By Dave Seanor
Phil Mickelson, with his ever-present grin intact, ambled up to the fence alongside the putting green Sunday evening and shook Dave Pelz’s hand.
“I’m so proud of you,” Pelz told him. “You played great.”
No one will dispute that. Still, Mickelson didn’t play well enough in the 133rd Open Championship to match Ernie Els and Todd Hamilton, who were behind him on the practice green, getting ready for a four-hole playoff.
“It’s a little disappointing to fall a shot shy here,” said Mickelson, who finished alone in third, three shots clear of Lee Westwood. “But it’s also very encouraging to know that I’m able to contend in this great championship.”
The formerly erratic Mickelson was a model of consistency at Troon. Other than the final outcome, everything went according to the plan hatched by him and Pelz.
His 73-66-68-68–275 scorecard included a 49-hole stretch without a bogey, beginning Thursday at the 18th and ending Sunday at No. 13.
Mickelson’s average finish was 46th in the nine of 11 previous British Opens in which he’d made the cut. His best showing had been T-11 in 2000 at St. Andrews.
“Normally I’m watching it on TV,” he had joked Saturday evening.
This time, he retreated to the scorer’s hut and watched on the tube as Hamilton bogeyed the 72nd hole, letting Els into the extra session. Mickelson had chipped in for eagle at the par-5 fourth and birdied the seventh, and figured an even-par inward nine – which he accomplished – would do the trick.
“I just didn’t see that many birdies out there (on the homeward nine),” he said. “I was just playing for pars on the back and thought shooting even par was going to be good enough.” That was the game plan all along, to make hay on the front and hang on after the turn. Only during Round 1 did he not execute it to perfection.
“I came out of a couple of shots,” Mickelson said of his 2-over effort Thursday. “I was a little tentative and didn’t play the birdie holes aggressively – I played for pars too much.”
Mickelson had calculated, correctly, that pars would be at a premium at Troon. He and Pelz, the short-game guru, spent three days on the storied links beforehand, trying “to understand where balls will tend to end up and (how) to be effective from there to the hole.”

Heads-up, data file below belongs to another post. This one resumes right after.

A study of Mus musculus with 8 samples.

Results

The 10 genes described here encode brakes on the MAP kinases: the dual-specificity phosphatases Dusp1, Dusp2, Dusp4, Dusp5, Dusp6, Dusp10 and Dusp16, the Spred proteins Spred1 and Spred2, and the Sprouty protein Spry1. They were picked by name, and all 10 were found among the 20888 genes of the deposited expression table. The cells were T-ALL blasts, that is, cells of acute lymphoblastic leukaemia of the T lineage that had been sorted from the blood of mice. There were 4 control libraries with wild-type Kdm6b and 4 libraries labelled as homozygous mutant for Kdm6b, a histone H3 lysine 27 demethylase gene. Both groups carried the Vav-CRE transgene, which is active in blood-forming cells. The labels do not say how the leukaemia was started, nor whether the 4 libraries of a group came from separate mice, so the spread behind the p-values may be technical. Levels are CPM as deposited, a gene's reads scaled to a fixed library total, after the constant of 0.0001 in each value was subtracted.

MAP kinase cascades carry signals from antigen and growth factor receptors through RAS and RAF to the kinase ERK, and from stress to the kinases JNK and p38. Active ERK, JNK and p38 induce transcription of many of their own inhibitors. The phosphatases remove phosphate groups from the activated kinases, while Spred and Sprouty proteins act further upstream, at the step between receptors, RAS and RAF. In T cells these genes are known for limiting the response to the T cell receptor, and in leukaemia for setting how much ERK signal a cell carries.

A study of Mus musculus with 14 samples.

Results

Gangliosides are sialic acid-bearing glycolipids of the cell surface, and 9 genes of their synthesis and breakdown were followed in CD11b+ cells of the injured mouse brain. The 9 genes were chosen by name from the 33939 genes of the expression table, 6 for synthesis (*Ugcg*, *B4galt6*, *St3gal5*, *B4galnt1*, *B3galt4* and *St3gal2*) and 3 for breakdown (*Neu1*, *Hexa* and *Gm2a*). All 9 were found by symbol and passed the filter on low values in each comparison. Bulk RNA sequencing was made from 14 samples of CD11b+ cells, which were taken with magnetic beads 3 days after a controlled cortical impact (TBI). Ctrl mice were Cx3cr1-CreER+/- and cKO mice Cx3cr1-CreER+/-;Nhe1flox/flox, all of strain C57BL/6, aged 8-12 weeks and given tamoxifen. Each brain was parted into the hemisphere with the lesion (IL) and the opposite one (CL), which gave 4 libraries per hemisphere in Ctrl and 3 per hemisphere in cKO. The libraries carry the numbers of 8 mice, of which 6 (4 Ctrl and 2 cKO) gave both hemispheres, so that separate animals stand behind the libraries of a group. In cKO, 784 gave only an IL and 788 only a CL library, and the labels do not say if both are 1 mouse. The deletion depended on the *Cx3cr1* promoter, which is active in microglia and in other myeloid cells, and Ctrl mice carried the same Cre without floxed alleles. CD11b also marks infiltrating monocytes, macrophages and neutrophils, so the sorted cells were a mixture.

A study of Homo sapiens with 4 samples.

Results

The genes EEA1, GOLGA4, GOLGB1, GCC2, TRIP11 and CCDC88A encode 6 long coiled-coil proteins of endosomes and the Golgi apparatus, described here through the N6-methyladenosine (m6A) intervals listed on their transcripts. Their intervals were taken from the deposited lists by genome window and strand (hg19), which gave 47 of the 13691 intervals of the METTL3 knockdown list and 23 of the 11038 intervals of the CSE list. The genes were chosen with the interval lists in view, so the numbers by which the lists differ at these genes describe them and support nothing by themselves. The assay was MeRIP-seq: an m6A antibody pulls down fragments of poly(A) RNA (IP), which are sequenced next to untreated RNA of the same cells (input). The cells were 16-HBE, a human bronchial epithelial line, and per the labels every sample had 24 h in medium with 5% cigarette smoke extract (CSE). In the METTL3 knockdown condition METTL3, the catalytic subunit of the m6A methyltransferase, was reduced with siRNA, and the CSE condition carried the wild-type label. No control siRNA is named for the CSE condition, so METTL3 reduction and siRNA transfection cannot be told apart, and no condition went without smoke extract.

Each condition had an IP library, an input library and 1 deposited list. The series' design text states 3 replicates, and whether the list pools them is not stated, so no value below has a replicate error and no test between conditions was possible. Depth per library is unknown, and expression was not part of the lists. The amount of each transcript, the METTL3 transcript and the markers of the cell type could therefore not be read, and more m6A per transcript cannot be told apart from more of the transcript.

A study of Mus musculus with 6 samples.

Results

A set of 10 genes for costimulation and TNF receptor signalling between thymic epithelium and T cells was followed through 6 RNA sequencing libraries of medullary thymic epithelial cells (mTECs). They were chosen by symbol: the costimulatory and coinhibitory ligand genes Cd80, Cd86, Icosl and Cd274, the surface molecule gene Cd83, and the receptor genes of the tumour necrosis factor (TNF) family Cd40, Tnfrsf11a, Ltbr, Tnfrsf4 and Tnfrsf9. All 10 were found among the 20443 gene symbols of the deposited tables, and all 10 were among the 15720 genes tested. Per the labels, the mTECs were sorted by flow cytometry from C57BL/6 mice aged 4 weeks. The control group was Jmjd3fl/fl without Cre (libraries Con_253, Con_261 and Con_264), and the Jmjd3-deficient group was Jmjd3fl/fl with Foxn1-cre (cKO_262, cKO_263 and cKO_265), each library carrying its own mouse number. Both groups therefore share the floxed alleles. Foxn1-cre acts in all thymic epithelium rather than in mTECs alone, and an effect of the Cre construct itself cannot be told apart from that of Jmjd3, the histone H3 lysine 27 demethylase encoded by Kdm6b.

Their research paid off in spades. Mickelson saved par 22 times on the 27 holes where he failed to hit the green in regulation. On the others, he chipped in for birdie once and made four bogeys, all on the inward nine.
Before coming to Scotland, he had worked with coach Rick Smith on low-trajectory shots.
“I kept the ball on the ground even when it wasn’t windy on the first couple of days,” Mickelson said. “I didn’t play it in the air here and I found that it was much easier to make pars.”
Mickelson’s bogey-free streak included eight birdies and an eagle on the outward nine and one birdie on the inward side. It also featured some serious good fortune at No. 15 Saturday, where his tee ball that was headed out of bounds hit a spectator and barely stayed inside the white line.
“It clearly was a tremendous break, there’s no other way around it,” he said. “Every now and then you need something like that to give you a little kickstart to keep you in there. And that certainly kept my round going.”
Mickelson – but for a three-putt double on the 71st hole of the U.S. Open and one more birdie here – was left tantalizingly close to heading for the PGA Championship with a Grand Slam in his crosshairs. Asked the “what might have been” question, his sidestep was as deft as his short game.
“I will use the same preparation methods that I used the first three majors to try to finish off the year
right at the PGA Championship,” Mickelson said. “Hopefully I’ll be ready and prepared come Thursday.”